Carlsbad Vacation Rentals Facing New City Permit Regulations

With more than four hundred vacation rentals estimated to be operating in Carlsbad, city officials are working out a plan to regulate and tax the quickly spreading trend.

Thanks to the growing popularity of websites like Airbnb and HomeAway, short-term vacation rentals are popping up in increased numbers all across the country. For property owners in Carlsbad, offering their secondary homes, guest houses and even extra bedrooms can provide a helpful stream of income. For neighbors of these vacation rentals, however, they can bring increased traffic and noise.

Although short-term vacation rentals aren't specified as an allowed use under current zoning rules, Carlsbad officials have generally looked the other way when it comes to violations. In fact, the city has stated that it receives over $233,000 in transient occupancy taxes each year from these properties.

While Carlsbad reports receiving an average of just five complaints each year about these short-term rental properties, the city recognizes that they can have a negative effect on the surrounding community in certain cases.

According to Gary Barberio, Carlsbad's Assistant City Manager, “It's a fraction of a fraction, but it's a big problem when there is a problem.”

Now, the Carlsbad City Council is looking into ways to regulate these vacation rentals and ensure tax receipts by requiring property owners to obtain a permit from the city before offering their homes up to visiting vacationers.

Despite calls from some city residents to ban the short-term rentals altogether, the city argues that such an action would be difficult to implement. To support that claim, Carlsbad's management analyst, Steve Didier, points towards previous ban attempts by the nearby cities of Solana Beach and Encinitas.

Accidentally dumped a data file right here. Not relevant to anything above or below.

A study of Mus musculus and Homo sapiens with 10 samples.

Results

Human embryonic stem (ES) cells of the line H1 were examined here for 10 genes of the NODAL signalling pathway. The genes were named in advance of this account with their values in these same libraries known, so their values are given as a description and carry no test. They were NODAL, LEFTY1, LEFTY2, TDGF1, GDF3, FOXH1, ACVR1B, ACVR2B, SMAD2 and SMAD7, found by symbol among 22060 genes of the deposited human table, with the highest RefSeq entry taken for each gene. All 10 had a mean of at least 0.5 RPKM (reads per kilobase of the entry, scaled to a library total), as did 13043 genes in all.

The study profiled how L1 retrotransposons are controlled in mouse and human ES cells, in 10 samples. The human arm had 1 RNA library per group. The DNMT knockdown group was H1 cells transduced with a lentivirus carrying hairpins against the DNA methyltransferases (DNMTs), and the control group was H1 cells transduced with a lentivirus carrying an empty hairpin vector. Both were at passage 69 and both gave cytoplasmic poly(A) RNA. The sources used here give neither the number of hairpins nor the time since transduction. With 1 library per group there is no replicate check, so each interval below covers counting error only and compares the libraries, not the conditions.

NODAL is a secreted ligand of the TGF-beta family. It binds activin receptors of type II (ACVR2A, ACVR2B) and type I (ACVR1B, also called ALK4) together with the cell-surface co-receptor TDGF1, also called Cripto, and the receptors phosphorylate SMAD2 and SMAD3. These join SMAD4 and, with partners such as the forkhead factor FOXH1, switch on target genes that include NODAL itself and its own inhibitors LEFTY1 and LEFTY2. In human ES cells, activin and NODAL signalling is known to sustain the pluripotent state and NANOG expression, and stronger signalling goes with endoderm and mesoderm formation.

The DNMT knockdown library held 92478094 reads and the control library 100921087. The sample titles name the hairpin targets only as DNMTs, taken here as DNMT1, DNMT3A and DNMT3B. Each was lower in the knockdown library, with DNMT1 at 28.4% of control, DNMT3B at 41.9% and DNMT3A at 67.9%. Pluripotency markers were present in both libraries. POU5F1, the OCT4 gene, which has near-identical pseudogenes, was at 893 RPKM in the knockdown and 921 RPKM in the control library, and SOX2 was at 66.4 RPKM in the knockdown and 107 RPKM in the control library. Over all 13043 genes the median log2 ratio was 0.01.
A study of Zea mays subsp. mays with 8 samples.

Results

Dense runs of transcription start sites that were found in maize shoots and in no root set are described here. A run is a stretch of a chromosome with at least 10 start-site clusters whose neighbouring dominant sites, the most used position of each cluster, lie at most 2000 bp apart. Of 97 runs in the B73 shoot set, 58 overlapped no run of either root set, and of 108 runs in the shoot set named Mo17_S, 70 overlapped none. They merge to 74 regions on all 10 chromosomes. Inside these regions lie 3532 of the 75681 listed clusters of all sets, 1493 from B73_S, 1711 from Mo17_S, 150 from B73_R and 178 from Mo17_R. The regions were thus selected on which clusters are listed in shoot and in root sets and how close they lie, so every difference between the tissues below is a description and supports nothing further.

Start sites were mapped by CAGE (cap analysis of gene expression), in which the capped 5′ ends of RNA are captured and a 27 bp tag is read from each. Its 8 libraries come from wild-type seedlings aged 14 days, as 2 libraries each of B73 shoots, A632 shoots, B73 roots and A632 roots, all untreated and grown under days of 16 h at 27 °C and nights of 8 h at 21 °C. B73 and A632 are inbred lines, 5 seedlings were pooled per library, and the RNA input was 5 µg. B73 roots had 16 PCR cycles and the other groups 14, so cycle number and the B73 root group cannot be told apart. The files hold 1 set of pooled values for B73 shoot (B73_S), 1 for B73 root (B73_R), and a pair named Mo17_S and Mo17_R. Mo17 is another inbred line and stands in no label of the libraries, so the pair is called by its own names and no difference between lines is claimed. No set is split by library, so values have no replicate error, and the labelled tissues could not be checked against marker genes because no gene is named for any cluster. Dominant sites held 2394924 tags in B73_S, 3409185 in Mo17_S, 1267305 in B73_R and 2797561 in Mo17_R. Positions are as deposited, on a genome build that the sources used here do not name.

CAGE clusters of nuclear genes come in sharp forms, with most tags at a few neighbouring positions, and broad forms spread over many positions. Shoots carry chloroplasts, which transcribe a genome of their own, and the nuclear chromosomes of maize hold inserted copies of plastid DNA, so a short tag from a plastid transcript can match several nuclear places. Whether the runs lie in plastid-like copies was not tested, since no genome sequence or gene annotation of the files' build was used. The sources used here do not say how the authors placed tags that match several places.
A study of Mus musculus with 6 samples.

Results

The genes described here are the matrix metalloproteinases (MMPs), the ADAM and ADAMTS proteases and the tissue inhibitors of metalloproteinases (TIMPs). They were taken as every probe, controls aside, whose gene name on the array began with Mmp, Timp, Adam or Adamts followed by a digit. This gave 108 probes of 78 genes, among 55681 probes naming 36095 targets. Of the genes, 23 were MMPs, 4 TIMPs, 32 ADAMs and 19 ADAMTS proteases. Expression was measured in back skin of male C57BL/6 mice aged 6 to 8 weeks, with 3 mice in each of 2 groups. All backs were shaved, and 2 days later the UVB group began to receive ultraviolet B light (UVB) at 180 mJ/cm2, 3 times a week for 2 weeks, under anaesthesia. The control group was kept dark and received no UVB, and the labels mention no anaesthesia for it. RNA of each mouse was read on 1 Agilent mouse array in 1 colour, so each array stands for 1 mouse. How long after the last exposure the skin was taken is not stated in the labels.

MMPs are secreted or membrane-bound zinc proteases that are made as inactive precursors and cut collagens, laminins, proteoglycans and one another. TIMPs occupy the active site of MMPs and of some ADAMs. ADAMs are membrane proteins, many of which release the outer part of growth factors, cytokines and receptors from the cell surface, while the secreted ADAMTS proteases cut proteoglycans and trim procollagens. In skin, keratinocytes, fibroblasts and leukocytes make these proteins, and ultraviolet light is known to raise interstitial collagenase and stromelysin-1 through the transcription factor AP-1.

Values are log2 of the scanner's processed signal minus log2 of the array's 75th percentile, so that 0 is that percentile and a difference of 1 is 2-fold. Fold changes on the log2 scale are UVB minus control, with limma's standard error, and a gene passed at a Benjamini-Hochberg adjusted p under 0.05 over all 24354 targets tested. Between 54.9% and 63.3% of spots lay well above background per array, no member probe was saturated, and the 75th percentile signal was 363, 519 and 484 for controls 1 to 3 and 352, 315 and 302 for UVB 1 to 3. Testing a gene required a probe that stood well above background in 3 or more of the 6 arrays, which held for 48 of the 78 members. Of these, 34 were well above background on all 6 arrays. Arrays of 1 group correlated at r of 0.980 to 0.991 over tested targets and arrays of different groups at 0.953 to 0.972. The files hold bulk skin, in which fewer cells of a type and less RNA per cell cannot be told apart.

In both instances the cities faced strong opposition from the California Coastal Commission, eventually causing them to retreat from their stance on the position and allow vacation rentals to continue operating. The Commission based their objections on the argument that short-term rentals provide an affordable way for the public to have access to coastal resources.

Under the newly-proposed plans, requiring property owners to seek permits for their vacation rentals would give the city more control when problems do arise. With the permits needing to be renewed each year, Carlsbad would have the option to deny applications for vacation rentals that violate city rules and are a blight on their neighborhoods.

According to acting Mayor Mark Packard, an important feature of the permitting system would be to provide officials with the right to immediately revoke the permit of any property that is violating city standards.

Further action on the subject is expected in the near future as regulations are drawn up by city staff, and comes just months after the city toughened its rules on property owners turning single-family homes into multi-family rental residences.